Bad jobs or just job snobbery?

Jun 25 2003 by Brian Amble Print This Article

The popular belief that service sector jobs in supermarkets and catering are ‘bad’ or ‘dead end’ is far from true, according to research by The Work Foundation. In fact, ‘job snobbery’ is rife in the UK and hampering efforts to fill skills shortages and boost productivity.

The study, Are we being served? Career mobility and skills in the UK workforce reveals a gulf between popular perceptions of work in the service sector and the reality. The report argues that these much maligned jobs are actually providing communication and teamwork skills that the country is crying out for and that the sector can boast some of the most innovative training programmes in the UK today.

The report warns that, on the eve of the Government’s Skills Strategy, failure to take notice of the career progression and social mobility engendered by service sector employers could damage attempts to raise productivity.

Andy Westwood, head of policy research and author of the report, said: “Jamie Oliver was rightly applauded when we watched him work incredibly hard to develop his trainee chefs – so why aren’t the same plaudits given to companies who do the same on a much greater scale?

“There are unsung ‘heavy lifters’ at work in the UK economy – employers like McDonald’s and ASDA who dig deepest into some of the country’s most difficult and marginalized labour markets and that simultaneously boast some of the most far reaching development programmes.

“The UK seems to have a blind spot towards these leaders who take vast numbers of people from little or no skills to high skills. These organisations emphatically do not offer the dead end jobs that are so often associated with the service sector. In fact, they are bucking our increasingly poor trends in economic and social mobility.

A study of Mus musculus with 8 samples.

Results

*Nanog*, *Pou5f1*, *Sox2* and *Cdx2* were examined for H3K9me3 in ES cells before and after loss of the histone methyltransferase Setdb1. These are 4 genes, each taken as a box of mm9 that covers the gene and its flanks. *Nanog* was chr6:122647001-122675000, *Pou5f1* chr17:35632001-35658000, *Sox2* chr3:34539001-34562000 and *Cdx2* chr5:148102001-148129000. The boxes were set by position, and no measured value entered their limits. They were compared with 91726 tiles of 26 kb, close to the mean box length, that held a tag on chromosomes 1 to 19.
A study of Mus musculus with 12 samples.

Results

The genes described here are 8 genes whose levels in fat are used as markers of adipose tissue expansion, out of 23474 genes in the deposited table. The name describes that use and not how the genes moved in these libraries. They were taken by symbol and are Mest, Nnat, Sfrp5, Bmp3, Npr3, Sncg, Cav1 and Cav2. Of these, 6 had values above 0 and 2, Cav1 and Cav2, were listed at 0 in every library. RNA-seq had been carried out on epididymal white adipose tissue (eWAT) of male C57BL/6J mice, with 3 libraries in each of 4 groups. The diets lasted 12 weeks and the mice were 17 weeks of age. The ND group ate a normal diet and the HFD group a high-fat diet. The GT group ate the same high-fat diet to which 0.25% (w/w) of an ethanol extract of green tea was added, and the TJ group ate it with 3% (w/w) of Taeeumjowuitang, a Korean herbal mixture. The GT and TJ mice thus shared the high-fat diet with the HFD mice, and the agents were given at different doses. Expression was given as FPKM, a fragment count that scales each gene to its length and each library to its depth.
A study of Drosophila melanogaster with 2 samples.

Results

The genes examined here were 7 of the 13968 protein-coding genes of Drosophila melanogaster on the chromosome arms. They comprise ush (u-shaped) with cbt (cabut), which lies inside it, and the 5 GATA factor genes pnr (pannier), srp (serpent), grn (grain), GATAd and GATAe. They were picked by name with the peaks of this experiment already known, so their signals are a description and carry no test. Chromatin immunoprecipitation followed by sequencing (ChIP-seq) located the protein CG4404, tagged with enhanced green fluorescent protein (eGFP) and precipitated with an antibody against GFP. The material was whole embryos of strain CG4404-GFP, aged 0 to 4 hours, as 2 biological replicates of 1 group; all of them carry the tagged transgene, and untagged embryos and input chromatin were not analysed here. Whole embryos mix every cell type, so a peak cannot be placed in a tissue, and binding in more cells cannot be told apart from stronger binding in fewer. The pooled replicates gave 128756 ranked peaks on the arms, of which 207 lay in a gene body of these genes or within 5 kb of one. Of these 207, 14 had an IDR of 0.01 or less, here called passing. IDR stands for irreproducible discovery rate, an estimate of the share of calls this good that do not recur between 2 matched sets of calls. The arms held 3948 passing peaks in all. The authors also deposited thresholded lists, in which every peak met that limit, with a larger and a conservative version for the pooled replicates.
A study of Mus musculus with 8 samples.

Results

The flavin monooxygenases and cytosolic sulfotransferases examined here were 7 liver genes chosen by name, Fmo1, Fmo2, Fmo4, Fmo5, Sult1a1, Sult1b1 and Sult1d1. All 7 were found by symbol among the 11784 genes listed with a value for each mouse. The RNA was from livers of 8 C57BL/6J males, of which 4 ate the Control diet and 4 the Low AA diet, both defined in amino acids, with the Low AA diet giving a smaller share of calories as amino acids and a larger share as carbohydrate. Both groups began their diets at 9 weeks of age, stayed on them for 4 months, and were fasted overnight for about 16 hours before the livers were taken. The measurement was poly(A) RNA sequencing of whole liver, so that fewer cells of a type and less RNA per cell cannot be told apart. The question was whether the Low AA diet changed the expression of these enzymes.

“On the eve of the Government’s Skills Strategy, it is clear that we can all learn from the way the service sector approaches training and development. The value of these skills and their training programmes is high. If we continue undermining them, the battle to narrow the UK’s productivity gap will become much harder.”

The report illustrates this blind spot towards the service sector by comparing people's attitudes to McDonald's with their perceptions of a manufacturer, taking the example of Ford. But it finds that the two companies actually have an enormous amount in common, with both having franchised operations and having laid down deep roots in the UK.

Companies whose training and development programmes are profiled in the report include Tesco, ASDA, James Beattie plc, Whitbread and McDonald’s.

Contrary to popular belief, the Work Foundation’s research discovered that McDonald’s could boast an ingrained development culture and continuous training; an understanding of the value of training to the bottom line; a track record of career progression for company staff – nearly three-quarters of restaurant managers began as hourly-paid crew members, as well as pay rates significantly above the minimum wage after training.

Andy Westwood said: “These organisations are extremely good at developing skills that are of tremendous and incalculable benefit to the UK’s economy. They are the new and unlikely role models for a more efficient approach to improving workforce skills.”

A poll of 2,500 people commissioned for the report found that the views of peers had an enormous impact on people’s choice of work. Half of those under 30 said they were influenced by the views of friends and family when it came to choosing where they worked. Asked if they would take a job with good career prospects in the quick service restaurant sector, two-thirds said no.

Dr Glenn Wilson, of the University of London’s Institute of Psychiatry, said:

"The findings reveal that Britain is a nation of snobs when it comes to the world of work. These inbuilt prejudices mean that some types of jobs - particularly those involving serving customers - are looked down on.

“The job snobs choose status and prestige ahead of more hidden benefits like training and career progression. In actual fact, were they to try service sector work, they might discover that the career and development opportunities probably exceed what's available to them in trendy employment like arts and the media."